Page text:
THE LATEST THINKING
The opinions of THE LATEST’s guest contributors are their own.
What Does "Trending" Really Mean?
With major social media and entertainment sites filtering content by what is trending, it’s important to take a look at how this is really decided.
For those of you who gather news and entertainment from mainstream sources, you have undoubtedly seen “trending," showing the most popular news and entertainment of the day. But exactly how is this content determined to be trending before it is presented to you?
Ideally, the winner of the trending designation goes to whatever has gotten the most views, discussion, and all around special attention from viewers. But if you take a look at how these websites determine trending topics, and what ends up making the cut, it becomes clear that some of these topics might not be as hot as they are made out to be. As websites like Twitter, Facebook, and YouTube become more agenda driven, the content of the trending section suffers.
Take Twitter, for example. Twitter openly admits that trends are tailored to the user, and they will intentionally prevent certain content from trending. YouTube, similarly, explains how the most popular video of the day might not end up being what’s trending. Their system instead tries to determine the content of the trending page based of what they consider relevant to you, and reflective of their platform.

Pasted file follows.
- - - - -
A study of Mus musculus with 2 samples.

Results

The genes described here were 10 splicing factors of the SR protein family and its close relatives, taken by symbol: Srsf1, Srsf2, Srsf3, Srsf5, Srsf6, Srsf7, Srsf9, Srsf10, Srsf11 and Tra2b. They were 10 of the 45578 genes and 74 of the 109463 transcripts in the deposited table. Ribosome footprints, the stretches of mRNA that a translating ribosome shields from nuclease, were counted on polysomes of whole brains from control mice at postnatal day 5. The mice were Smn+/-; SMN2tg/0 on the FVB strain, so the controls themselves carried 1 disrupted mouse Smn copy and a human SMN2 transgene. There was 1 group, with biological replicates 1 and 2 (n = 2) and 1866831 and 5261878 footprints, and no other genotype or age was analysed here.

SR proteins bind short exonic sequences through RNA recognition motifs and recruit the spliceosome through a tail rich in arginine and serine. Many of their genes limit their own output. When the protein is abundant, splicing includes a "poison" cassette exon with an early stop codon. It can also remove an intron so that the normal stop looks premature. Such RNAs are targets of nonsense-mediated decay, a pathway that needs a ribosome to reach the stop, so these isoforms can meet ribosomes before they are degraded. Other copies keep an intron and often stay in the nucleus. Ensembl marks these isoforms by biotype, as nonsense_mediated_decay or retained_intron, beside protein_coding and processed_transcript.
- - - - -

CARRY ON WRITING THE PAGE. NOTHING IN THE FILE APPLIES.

Facebook gives little detail on what makes their content trending, but they have their own policies and practices that filter content comparably.
This doesn’t suggest that websites are not allowed to determine their own trending content. These websites are private companies, and can chose to show or remove whichever content they choose (provided they do not act illegally).
But when people use these sites to gather significant amounts of their news and entertainment, as even you might, it is important to have a skeptical perspective. The content you see may only be what these website want you to see.